Thursday, December 8, 2011

"Kiss, Bow, or Shake Hands"

       The following set of books is an example of ways we can learn some of the unspoken rules for dealing with other cultures. I have only read one of the books, the one for the whole world. I found it a good and fair resource for understanding the cultural nuances that we may be afraid to ask others about- out of fear of a a smug, defensive reaction such as "People are the same everywhere!". I mean deep down people are the same anywhere as human nature is human nature but there are still things we need to know. A friendly gesture in one setting may be offensive in another. Personal space also differs from one place to another. These books are mainly written for traveling business professionals in more formal settings. I don't get that these were written with Autistic people in mind, however I felt they were somewhat helpful. Many times Autistic people have to figure out scientifically what other people just know instinctively. These books are just a sample of what's put there if you look. Learning the ropes of another place is not the same as making vague stereotypes such as "The people in Country X are rude." or anything like that. If anything learning about cultural differences and acknowledging that they exist can give us insight on why we may misperceive others as "rude" and vice-versa. The definition of rude can vastly differ from one environment to another. To many people being direct is rude, to others beating around the bush is rude. Some people feel that the vast personal space and emotional reservedness in others as rude while they see a so called "warm, outgoing" culture as intrusive. Many times literal translations may not get our points across effectively without learning to "think" in another language. Some languages might not have a direct transition for please, thank-you, or excuse me, but they may be higher-context cultures where out manners and graciousness are to be implied in our tone and our actions.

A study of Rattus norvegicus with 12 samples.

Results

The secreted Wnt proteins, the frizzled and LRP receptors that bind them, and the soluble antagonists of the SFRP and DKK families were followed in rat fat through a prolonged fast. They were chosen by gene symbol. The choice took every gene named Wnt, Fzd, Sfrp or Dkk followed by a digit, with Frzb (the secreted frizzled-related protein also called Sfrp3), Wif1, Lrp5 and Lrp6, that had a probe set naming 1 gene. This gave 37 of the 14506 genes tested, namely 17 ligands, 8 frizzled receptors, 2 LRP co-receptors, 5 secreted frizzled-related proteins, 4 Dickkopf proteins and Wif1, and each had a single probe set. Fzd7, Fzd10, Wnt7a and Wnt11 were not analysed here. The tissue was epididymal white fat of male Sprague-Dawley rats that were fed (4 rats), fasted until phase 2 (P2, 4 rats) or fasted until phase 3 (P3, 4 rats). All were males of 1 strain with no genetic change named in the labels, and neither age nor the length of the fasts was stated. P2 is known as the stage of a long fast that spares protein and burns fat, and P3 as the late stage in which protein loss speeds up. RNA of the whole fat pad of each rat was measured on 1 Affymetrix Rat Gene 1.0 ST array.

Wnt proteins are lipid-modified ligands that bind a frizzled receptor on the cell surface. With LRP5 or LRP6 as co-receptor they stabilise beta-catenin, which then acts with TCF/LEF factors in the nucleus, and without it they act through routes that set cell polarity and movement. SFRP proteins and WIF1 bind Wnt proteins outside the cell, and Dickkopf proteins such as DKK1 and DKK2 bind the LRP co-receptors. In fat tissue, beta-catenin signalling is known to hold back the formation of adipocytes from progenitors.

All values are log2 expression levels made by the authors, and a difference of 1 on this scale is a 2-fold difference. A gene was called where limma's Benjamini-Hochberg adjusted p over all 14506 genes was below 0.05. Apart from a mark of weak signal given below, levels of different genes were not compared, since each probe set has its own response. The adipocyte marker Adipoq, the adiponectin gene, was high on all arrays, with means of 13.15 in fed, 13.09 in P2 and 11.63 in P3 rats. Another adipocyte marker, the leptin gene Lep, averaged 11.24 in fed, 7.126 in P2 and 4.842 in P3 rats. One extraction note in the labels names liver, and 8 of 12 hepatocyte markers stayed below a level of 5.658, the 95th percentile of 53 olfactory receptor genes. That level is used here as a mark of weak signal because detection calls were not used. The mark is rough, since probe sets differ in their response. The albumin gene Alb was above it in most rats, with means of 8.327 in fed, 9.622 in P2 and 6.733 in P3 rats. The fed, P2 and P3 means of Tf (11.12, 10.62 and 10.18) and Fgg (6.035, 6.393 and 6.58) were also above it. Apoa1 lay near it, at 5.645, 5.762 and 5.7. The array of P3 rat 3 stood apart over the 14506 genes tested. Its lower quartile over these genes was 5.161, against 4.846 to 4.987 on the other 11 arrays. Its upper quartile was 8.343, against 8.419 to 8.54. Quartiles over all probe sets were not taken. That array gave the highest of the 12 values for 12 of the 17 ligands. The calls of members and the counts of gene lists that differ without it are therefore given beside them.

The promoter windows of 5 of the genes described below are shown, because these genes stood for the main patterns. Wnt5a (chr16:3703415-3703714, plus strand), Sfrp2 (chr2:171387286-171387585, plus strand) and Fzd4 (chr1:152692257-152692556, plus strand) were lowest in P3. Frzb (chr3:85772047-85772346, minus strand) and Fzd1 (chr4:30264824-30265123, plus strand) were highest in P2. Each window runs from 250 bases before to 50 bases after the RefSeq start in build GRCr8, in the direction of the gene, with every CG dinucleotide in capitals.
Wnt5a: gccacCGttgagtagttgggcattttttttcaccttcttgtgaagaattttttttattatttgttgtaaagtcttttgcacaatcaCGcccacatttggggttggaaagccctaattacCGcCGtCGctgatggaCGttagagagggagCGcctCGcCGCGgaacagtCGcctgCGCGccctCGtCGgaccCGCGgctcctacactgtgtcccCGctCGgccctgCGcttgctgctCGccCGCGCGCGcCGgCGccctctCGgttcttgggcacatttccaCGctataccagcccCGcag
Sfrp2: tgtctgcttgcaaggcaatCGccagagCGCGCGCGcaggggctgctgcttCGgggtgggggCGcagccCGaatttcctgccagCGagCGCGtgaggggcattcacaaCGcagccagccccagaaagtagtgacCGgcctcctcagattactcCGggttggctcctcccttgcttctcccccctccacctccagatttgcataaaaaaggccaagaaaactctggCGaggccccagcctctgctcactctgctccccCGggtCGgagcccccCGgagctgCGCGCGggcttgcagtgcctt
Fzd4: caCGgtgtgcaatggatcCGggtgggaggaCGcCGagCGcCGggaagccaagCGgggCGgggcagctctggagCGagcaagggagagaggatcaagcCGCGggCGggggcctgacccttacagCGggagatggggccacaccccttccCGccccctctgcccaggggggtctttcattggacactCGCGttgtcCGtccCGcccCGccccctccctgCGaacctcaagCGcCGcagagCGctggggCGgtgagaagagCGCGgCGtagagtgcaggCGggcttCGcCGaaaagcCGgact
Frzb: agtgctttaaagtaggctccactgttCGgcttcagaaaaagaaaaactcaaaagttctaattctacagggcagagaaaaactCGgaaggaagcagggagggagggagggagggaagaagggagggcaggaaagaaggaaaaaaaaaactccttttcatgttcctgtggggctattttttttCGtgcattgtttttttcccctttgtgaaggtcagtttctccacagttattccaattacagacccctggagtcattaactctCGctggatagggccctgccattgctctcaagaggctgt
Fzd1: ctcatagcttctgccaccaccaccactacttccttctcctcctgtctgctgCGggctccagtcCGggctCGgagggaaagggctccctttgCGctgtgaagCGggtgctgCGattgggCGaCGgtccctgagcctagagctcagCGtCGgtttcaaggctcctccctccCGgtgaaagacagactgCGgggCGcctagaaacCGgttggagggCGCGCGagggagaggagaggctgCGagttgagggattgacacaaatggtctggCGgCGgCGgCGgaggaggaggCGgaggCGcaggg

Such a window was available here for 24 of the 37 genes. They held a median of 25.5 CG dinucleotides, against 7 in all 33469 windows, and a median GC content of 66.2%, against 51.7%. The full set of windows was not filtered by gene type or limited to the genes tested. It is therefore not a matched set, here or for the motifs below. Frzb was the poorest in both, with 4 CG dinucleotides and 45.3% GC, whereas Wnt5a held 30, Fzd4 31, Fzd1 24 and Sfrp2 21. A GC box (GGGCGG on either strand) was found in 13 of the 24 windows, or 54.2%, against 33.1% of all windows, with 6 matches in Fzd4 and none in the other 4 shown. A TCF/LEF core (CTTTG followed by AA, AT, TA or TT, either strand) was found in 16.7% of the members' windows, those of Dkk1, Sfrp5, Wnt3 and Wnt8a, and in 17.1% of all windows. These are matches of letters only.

There is also a note at the beginning of one of these books about being open-minded. I don't remember exactly what it said but here's my two cents on the topic: Being open-minded is a good thing and it has nothing to do with how "conservative" or "liberal" or "progressive" or "traditional" we wish to label ourselves. Many progressives for example are passionate about womens' rights, animal welfare and economic equality which is cool. They also may be passionate about tolerance and cultural diversity which is also cool. When they observe things in another culture such as Sharia Law, consumption of dogs and cats as food, or a caste or class system, they may be the first to raise their eyebrows. Being open-minded doesn't mean we have to be total relativists or that any of these things need to be our cup of tea, it has more to do with placing our own biases aside first. I'm sure there other places on the web that explain this better than I can and I'm sure many reading this already know what I'm getting at.
       Here is the link to what I am talking about. I don't intend to tell anyone to buy or not buy any of these books or to "promote" anything. I just want to encourage people to explore the information that's out there:
       To be honest this is my first real blog and in some ways it is like learning a new culture. I do have some experience with Internet forums and to a lesser extent with Facebook, but still- there are many rules for blogging both written and unwritten that I have to learn as I go along.